Since its launch in 2009, NASA’s Kepler spacecraft has been hunting for habitable exoplanets. To do this, the spacecraft utilizes the transit method of planet finding. It hones its sights on a distant star, and watches as a planet passes in front of the star. Based on the change in the star’s brightness, scientists are able to tell the planet’s size, and based on the time between transits, they can also estimate the orbit size and temperature.
Researchers from McMaster Univ. and the Max Planck Institute for Solar System Research are suggesting that extraterrestrials may utilize the same methods in their own search for “extraterrestrial life.”
Publishing in Astrobiology, René Heller and Ralph Pudritz suggest that humans should listen to Earth’s transit zone to see if extraterrestrials have sent broadcasts to the thin area in an attempt to contact humanity.
“It’s impossible to predict whether extraterrestrials use the same observational techniques as we do,” said Heller in a prepared statement. “But they will have to deal with the same physical principles as we do, and Earth’s solar transits are an obvious method to detect us.”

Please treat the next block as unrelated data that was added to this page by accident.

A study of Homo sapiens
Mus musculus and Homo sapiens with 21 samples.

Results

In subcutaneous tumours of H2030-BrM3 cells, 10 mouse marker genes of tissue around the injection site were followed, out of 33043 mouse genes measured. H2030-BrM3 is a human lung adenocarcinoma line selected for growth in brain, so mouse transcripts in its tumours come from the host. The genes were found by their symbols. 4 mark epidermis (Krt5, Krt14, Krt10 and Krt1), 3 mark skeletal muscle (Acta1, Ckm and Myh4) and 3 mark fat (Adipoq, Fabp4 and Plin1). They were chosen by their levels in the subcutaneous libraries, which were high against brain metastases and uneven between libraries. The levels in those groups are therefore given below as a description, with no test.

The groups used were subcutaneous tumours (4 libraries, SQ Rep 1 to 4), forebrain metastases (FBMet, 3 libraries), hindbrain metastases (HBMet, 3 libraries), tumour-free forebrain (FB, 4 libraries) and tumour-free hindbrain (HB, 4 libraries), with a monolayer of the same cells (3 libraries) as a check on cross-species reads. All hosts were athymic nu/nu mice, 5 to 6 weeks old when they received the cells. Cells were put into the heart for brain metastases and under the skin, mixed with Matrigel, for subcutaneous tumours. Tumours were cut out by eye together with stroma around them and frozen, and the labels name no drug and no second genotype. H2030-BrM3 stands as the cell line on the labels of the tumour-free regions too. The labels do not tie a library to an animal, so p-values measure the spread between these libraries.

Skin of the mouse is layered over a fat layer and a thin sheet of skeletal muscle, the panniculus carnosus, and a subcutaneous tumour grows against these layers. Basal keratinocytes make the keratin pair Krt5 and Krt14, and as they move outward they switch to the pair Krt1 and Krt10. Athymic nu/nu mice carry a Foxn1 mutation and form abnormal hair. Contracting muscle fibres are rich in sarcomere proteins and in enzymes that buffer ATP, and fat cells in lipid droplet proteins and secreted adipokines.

According to Nature News, the researchers used a catalogue of stars from data taken on the Hipparcos satellite, which operated between 1989 and 1993. From that data amalgamation, the researchers found 82 sun-like stars within 1,000 parsecs of Earth, a distance from which Earth would visible as it transited in front of the sun. They expanded the number of stars to 10,000 candidates, simply due to the fact that not all stars in the region have been discovered, Nature News reported.
“If any of these planets host intelligent observers, they could have identified Earth as a habitable, even as a living world long ago and we could be receiving their broadcasts today,” the researchers wrote.
From Earth, there are about 100,000 potential stars that could host habitable life. The number is gleaned from the modern radio telescope technology. Since launching, Kepler has confirmed the existence of 1,039 exoplanets.
Heller and Pudritz suggested that monitoring Earth’s transit zone for broadcast signals could dovetail well with the $100 million Breakthrough Listen Initiative. The initiative, supported by Stephen Hawking, aims to use the world’s largest telescope to scour the nearest million stars, the inner region and galactic plane of the Milky Way galaxy, and the nearest 100 galaxies for extraterrestrial life.